The federal Conservatives now say private information about over 5,000 party contributors was indeed downloaded by the hackers who pranked the prime minister this week.
Party spokesman Fred DeLorey issued a statement Wednesday saying data containing names, addresses and email addresses of donors was taken by hackers.
He said no “useful” credit card information was accessed, but in some cases, the first four and last four digits of credit cards were compromised.
On Tuesday, a hacker or hackers broke into the Tory website security system and posted a false alert that Stephen Harper had been rushed to a Toronto hospital after choking on a hash brown.
The notice sent journalists scurrying to confirm the rumour, which proved to be a hoax.
DeLorey insisted at the time that the party’s database and email systems were not affected by the hack. That seemed to be taken as a taunt by the hackers, who go by the Twitter account LulzRaft.
“The Conservatives said no contributor data was accessed … I wonder where this sample came from then!,” LulzRaft tweeted Wednesday morning.
The hacker linked about 5,631 names and emails to a text-sharing website under the heading, “Donation Contributors — A Small Sample.”
DeLorey said that although much of the information is available on the Elections Canada site, the party intends to contact people whose data was taken.
“We are very disturbed by this hacking and will continue our internal investigation, as well as work with the authorities on this matter,” he said.
“To our knowledge, the person or people responsible may have been linked to hacks on Sony, Nintendo, and PBS, and we will be reviewing our own practices and will make the necessary changes to prevent something like this happening in the future.”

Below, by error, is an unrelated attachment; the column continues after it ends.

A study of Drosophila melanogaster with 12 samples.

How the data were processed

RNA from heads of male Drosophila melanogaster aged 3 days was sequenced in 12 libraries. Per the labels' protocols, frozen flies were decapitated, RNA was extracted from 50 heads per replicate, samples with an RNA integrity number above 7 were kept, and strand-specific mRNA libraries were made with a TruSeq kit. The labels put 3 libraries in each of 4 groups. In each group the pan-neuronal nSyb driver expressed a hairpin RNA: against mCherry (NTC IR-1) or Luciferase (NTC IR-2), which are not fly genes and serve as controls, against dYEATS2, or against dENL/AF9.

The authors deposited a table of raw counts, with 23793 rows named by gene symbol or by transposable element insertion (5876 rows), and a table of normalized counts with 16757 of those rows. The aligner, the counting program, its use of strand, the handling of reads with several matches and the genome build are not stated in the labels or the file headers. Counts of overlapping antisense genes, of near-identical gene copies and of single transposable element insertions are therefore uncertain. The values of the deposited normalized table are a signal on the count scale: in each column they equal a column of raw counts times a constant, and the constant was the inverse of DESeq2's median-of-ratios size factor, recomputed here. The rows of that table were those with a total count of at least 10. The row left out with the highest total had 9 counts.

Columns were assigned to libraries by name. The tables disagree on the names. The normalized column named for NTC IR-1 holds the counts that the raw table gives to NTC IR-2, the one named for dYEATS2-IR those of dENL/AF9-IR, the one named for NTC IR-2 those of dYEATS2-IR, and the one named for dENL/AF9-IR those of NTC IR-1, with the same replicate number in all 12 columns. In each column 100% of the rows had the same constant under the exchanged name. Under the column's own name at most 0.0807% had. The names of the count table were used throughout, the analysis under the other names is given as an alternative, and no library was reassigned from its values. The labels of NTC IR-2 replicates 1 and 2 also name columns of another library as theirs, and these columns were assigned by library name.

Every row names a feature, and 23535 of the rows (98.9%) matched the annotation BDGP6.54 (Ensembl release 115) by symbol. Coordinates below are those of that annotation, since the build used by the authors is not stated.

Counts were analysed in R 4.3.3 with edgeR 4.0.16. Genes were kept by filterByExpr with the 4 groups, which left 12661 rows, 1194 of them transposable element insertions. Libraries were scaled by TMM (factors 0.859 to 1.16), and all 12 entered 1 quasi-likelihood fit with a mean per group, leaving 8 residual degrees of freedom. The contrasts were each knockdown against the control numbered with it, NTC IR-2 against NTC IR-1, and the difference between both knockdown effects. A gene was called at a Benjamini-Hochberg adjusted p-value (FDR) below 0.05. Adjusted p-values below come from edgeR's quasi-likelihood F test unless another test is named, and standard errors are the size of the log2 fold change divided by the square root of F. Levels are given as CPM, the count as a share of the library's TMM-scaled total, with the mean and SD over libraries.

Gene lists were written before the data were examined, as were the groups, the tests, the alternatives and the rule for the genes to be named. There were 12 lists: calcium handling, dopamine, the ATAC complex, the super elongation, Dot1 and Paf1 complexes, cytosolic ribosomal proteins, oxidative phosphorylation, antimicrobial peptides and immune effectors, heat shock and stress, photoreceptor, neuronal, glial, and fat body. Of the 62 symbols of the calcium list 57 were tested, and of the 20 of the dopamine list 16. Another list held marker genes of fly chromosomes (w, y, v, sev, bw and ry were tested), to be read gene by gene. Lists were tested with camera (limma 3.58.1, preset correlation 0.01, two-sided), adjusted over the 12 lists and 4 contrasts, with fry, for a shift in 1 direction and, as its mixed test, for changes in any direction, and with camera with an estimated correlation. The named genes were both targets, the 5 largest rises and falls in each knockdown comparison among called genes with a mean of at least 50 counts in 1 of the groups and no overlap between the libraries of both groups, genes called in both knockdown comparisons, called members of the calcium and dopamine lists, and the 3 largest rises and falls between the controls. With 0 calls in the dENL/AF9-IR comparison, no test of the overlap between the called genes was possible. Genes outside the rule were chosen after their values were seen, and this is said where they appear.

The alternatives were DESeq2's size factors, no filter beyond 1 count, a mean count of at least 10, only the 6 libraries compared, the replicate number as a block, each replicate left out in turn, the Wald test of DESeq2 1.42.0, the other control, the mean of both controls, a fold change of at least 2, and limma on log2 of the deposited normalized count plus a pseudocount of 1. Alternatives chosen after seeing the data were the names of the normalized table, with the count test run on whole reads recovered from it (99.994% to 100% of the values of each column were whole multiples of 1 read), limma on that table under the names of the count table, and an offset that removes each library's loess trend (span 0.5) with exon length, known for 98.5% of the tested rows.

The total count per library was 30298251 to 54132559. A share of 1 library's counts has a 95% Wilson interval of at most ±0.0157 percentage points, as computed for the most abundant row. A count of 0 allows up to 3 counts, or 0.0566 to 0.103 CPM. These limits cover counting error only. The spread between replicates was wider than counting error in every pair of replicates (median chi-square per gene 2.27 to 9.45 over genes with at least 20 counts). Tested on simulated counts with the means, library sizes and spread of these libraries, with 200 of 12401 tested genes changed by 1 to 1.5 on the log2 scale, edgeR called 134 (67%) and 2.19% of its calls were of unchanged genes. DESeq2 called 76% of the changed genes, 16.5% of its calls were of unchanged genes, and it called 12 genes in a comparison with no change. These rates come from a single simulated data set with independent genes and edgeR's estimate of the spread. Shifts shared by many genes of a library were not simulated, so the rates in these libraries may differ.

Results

A spokesman for Elections Canada said its website only posts the names, city and postal code of those who contribute over $200. It does not reveal email or street addresses, nor any donors who contribute less than $200.
The RCMP would neither confirm nor deny they are investigating.
The motivation behind the hack remains a mystery, although the tweets from LulzRaft suggest it was all for fun and perhaps a little mischief. In one of several tweets, LulzRaft said journalists were off line suggesting enmity toward the Conservatives or Harper.
“The dots connected by the media are imaginary. No discrimination by party … we just don’t like politicians,” LulzRaft tweeted.
Nor was LulzRaft pleased with Treasury Board President Tony Clement’s response that sending false rumours about the prime minister’s health was “despicable.”
“It definitely was a joke. The article would have been a lot more realistic if we weren’t thinking of the PM’s family,” the hackers tweeted back.
As if to prove the point, LulzRaft said to show no hard feelings, the time had come for “Conservative appreciation day.”
LulzRaft apparently hacked into Husky Energy’s website Wednesday morning and inserted a notice promising free gas to any Conservative who used the coupon code “hash-browns.”
The hoax notice was quickly removed from the Husky website.
As for hacking into the Conservative website, LulzRaft said it was as easy as pie.
“The funny thing is, we had more trouble using the conservative party CMS [content management system] then (sic) we did hacking the site … literally.”